There is a much debate in the sector about Web 2.0 and social networking.
Almost daily, a charity launches a new site or publicises a presence on sites such as Facebook and Second Life. Consultants and speakers are filling column inches and seminars with their opinions, and charity directors are predicting the future for charities.
But the question is whether the web, let alone Web 2.0, will work for traditional donors. The average charity supporter is reported to be female, over 55, someone who likes gardening and does not fit the typical web demographic. We must accept this fact, and we will continue to provide traditional offline marketing materials until the web-addicted under-40s hit the prime donor demographic - ABC1 empty-nesters.
But I have never heard of a fundraising manager who doesn't have a mantra about "attracting younger supporters" - which means a web presence is critical. New media lets us interact with younger audiences, and we hope these cash-poor supporters will become the donors of the future.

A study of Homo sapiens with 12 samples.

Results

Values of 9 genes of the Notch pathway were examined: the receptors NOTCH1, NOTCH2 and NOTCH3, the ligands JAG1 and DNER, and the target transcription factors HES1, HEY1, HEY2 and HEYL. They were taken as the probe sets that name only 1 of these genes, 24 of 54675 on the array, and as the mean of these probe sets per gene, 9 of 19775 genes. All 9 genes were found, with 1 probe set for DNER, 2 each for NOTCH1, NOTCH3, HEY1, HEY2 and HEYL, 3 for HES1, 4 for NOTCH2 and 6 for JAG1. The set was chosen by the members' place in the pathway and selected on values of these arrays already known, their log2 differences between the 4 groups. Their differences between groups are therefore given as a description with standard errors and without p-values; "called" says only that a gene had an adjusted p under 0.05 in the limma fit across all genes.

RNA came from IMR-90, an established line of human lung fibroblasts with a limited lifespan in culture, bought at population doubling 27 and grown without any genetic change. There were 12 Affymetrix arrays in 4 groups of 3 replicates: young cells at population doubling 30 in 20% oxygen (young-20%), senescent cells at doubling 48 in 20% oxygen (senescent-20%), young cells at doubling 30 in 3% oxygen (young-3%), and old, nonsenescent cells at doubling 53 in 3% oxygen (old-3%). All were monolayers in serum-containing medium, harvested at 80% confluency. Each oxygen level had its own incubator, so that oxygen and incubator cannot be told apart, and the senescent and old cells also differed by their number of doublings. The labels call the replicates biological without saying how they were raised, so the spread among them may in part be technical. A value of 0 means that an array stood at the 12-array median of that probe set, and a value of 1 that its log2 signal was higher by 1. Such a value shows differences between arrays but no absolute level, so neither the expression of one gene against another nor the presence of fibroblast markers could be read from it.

The 16 to 25-year-olds, who could become donors, live so totally on web and mobile media that we must be in their space so they know who we are - we can't expect them to visit our offline world.
But the over-50s, whom we traditionally think of as falling outside the 'webbie' generation, increasingly use the web for convenience and contact - and if we can find a way to tap into that, we may find more of them online than we realise.
And Saga, which caters to the over-50s, has launched a social networking site for its members. If it achieves a usable site with decent visitor numbers, it may tell us all that the web can work for that demographic.
- Sue Fidler is an independent charity ICT and internet consultant.